Genital warts are small fleshy lumps that can appear around a man's penis and testicles, a woman's vagina or around the anus.
Genital warts do not usually hurt, although symptoms can be:
Genital warts are spread by close skin-to-skin contact. Through unprotected penetrative vaginal and anal sex, inserting fingers into vagina or anus, oral sex and fisting. If you have sex with someone who has genital warts you may get the virus that causes warts as well.
Warts cannot be caught from toilet seats or swimming pools. Also, as the warts on your hands are a different type to genital warts, they cannot be passed from someone else’s hand to your genitals.
If you think you may have genital warts you can go to your nearest GUM clinic. You can visit your local or family GP.
By law, the sexual health clinic cannot tell anyone about your visit; these rules do not apply to your GP who can tell other people about your appointment.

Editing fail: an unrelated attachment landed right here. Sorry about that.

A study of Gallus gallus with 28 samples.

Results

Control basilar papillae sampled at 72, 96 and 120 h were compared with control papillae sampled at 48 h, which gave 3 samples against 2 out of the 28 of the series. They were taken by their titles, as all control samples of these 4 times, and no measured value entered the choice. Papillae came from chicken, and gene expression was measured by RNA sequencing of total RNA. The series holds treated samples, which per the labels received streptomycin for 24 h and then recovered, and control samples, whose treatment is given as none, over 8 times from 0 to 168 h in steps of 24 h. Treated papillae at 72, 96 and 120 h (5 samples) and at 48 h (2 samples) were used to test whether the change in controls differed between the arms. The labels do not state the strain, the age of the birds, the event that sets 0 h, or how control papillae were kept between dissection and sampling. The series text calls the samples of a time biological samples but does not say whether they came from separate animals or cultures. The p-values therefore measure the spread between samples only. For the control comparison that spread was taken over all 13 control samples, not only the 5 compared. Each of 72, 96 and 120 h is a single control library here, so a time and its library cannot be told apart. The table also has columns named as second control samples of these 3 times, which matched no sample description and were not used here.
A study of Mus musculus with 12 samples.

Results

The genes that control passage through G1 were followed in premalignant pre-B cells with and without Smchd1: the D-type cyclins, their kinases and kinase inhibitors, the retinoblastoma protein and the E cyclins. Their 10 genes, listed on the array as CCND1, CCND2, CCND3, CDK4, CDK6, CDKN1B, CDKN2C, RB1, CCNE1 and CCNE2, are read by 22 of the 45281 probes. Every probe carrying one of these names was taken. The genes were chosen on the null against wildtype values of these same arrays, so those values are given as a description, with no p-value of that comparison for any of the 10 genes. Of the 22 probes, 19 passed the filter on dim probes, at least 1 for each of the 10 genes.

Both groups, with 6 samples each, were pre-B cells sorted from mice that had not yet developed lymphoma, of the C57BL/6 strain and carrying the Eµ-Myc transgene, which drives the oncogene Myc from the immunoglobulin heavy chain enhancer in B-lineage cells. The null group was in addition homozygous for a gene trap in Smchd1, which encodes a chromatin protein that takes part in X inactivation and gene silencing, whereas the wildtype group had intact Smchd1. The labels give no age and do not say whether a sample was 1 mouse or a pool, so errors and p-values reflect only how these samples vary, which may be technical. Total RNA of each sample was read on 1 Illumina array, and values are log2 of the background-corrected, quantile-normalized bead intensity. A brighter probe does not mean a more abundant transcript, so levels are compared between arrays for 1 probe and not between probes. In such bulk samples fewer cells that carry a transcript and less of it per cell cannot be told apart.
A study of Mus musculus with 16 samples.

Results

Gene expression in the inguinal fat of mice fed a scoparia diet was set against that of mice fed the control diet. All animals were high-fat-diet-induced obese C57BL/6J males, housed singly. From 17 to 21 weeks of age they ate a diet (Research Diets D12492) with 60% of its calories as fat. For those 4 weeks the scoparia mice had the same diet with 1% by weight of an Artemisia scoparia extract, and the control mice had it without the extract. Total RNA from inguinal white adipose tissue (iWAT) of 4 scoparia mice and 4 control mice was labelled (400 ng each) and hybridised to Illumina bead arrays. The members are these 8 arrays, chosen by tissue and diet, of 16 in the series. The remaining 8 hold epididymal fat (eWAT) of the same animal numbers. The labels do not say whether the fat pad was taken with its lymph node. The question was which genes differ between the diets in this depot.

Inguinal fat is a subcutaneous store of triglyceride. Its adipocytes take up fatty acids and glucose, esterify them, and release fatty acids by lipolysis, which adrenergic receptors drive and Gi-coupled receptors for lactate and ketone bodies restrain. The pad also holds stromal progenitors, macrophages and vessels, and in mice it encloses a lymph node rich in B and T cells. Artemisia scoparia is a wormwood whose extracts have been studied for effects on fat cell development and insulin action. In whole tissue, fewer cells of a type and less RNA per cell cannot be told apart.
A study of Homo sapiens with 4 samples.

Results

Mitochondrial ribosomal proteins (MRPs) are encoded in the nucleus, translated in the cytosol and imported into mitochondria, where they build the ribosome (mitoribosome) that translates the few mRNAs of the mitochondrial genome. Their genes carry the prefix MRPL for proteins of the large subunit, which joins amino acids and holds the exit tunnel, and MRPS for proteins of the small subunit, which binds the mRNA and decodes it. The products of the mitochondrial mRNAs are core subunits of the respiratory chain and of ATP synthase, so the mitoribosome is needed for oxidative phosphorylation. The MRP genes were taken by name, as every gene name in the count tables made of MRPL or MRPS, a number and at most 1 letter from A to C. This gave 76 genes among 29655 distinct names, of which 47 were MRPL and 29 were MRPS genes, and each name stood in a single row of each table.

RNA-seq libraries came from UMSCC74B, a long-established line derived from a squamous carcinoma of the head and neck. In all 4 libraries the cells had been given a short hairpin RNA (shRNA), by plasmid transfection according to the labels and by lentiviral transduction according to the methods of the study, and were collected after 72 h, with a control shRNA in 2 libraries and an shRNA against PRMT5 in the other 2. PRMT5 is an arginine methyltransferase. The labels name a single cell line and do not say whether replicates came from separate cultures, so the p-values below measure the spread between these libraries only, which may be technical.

The doctor or nurse can usually tell whether you have warts just by looking. However, they may have to check by putting some drops of liquid onto the lump. This does not hurt at all.
Occasionally warts go away by themselves, however, it is best not to rely on this but to get help from a doctor. The doctor may treat them by:
These methods will gradually remove the warts and are not painful.
Sometimes you may have to visit the doctor a number of times over a few months for treatment until the warts have gone.
The wart virus lives in the skin even after the warts have gone, so they may come back and need treating again. If you have HIV, warts can be harder to treat.
Using a condom can help protect against getting genital warts. Remember also that a condom will help protect you against getting or passing on other sexually transmitted infections. Dental dams can also be used during oral sex and rimming for safer sex. You can order free safer sex packs from Trade here.